During my last three months at that job, which was around the time when I decided that I was going to go out on my own, work wasn’t very important to me. If I took a long lunch break, it didn’t matter. If I wasn’t productive every hour I was at work, I didn’t care. No one was going to nominate me for employee of the year, which was fine…I didn’t deserve the title.
I can’t say the same about working for myself. As a business owner, every minute counts. If I make a mistake, whether large or small, it can potentially cost me time, money and aggravation.
All of us make mistakes. Without them, how would we learn anything. Save yourself from stress and anxiety by considering (and avoiding) these common business mistakes.
Mistake #1: Spending too much money on overhead
A suite of offices may make you feel that you’ve made it. It may also make your friends and family stop asking you when you’re going to get a “real” office. But if you run your business mostly by phone and e-mail, why waste money on rent? Instead— at least for your first year in business — run your business from home. You could take the money you save on rent, and spend it on office equipment or other supplies. If you reach a point where you need to meet with clients more often, or your family needs to use the spare room you’re now using for a home office, you can look at a co-working space or a shared office suite. Unless clients need to meet with you in your home office, renting outside space doesn’t make sense when you start your business. Even as your business grows, you can still work from home.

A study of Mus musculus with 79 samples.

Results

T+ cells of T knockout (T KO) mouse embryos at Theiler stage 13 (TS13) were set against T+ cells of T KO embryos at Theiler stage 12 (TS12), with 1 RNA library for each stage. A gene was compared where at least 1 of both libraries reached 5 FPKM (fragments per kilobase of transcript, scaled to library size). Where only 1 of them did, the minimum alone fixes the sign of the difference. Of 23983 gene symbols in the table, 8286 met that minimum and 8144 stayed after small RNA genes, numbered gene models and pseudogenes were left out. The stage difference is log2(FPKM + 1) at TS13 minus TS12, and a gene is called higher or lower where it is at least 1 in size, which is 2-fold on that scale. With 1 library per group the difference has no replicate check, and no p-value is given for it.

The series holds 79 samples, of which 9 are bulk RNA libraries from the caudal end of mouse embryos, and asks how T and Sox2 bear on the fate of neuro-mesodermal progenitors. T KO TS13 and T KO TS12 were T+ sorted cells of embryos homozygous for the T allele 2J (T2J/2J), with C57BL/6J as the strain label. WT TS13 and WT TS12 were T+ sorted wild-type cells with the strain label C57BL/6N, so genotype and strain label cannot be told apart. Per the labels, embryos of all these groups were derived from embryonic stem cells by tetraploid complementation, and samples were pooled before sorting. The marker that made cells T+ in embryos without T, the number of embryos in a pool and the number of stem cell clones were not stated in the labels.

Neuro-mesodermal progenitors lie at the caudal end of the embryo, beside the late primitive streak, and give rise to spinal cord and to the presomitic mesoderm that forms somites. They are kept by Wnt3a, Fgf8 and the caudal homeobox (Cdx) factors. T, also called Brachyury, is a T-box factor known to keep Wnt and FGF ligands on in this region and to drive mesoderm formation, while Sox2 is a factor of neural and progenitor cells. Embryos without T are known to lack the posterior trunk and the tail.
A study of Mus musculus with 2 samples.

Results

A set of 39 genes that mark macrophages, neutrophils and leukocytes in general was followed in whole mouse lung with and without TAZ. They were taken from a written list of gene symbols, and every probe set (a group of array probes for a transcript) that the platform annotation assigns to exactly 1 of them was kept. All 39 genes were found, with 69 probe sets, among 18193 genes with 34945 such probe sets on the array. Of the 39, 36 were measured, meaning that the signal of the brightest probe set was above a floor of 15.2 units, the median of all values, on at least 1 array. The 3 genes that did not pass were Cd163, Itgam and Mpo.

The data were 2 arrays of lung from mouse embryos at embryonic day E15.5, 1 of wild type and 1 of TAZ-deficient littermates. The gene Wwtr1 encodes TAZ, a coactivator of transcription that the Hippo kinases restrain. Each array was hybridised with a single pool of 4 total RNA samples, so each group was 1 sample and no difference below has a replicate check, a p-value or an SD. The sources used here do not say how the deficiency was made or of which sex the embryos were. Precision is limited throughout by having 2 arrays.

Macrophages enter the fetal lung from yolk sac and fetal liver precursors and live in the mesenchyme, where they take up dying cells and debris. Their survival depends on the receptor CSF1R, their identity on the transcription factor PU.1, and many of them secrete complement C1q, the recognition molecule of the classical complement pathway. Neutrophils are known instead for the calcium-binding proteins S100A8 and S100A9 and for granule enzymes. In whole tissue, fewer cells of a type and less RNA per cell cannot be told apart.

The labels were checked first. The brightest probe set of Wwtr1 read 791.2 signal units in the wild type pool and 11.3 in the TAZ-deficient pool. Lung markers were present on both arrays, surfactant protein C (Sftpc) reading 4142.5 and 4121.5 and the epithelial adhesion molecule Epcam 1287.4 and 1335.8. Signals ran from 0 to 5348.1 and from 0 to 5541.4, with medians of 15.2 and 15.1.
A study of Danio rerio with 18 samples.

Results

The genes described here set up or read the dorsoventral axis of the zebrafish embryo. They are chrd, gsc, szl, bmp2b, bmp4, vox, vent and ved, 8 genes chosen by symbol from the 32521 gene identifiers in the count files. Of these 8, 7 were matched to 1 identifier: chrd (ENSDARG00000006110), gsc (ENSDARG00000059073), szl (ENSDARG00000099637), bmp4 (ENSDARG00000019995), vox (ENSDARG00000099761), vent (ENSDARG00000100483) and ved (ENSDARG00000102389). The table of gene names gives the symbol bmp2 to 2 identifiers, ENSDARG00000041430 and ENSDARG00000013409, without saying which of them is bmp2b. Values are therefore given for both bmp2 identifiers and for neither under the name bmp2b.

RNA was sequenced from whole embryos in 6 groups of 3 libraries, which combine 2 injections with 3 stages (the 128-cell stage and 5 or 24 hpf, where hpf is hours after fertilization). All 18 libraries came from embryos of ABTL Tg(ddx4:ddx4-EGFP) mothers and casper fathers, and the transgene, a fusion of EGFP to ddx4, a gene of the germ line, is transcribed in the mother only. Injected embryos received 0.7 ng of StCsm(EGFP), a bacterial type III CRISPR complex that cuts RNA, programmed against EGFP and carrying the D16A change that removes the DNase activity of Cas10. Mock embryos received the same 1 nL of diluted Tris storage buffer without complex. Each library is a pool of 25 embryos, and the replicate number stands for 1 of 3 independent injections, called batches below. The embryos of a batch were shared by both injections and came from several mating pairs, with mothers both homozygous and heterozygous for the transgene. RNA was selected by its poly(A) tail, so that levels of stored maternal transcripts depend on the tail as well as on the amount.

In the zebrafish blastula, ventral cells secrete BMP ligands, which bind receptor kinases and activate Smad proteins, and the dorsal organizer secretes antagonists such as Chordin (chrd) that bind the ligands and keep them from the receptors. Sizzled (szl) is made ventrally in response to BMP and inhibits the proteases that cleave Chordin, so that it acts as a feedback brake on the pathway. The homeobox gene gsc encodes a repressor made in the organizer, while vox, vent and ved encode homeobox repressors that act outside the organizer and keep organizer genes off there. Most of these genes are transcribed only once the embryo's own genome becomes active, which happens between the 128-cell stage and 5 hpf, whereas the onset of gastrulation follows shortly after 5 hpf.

Mistake #2: Failing to research demand for your product or service
You may have an innovative product or service, yet if no one needs what you’re selling, you’re wasting your time and money. Set up online surveys and ask your clients, business associates and site visitors questions to find out how interested they are in your product or service. The time you spend researching your idea will save you time in the long run. SurveyMonkey and Polldaddy offer inexpensive ways to collect the information you need.
You may have to bribe people to answer your survey. After all, you’re asking someone to give up a few minutes of their time and they may wonder “What’s in it for me?” before they give up that time. Offer a discount on your services or product when someone finishes the questionnaire.
Mistake #3: Ignoring the competition
Don’t obsess over what your competition is doing, yet don’t discount new services or products they have to offer or even a new website they’ve created. Sure, imitation is the sincerest form of flattery, but don’t copy your competition. Find your niche and develop a market around it. Eventually your competition will start taking a closer look at you.
Mistake #4: Not networking
When you go out on your own, e-mail and call everyone you know including clients, business associates, friends and anyone else who can help your business grow. Set up meetings at coffee shops, restaurants and even their offices. Whenever you meet someone, find out what they do and see if there’s a fit. While you can use social media to network, join trade associations and business groups and go to their weekly or monthly meetings.
Mistake #5: Not being clear about your business
Think about the old saying, “If you don’t know where you’re going, how will you know when you get there.” Make sure you have a clear vision of your business, especially how you’re going to make money and find new clients. When you know where you’re going, it’s much easier to get there.
Mistakes are part of being in business. The key is to turn mistakes into lessons. But then again, if you can learn a few things without making mistakes, that’s also a good plan.
What business mistakes have you made and what have you learned from them?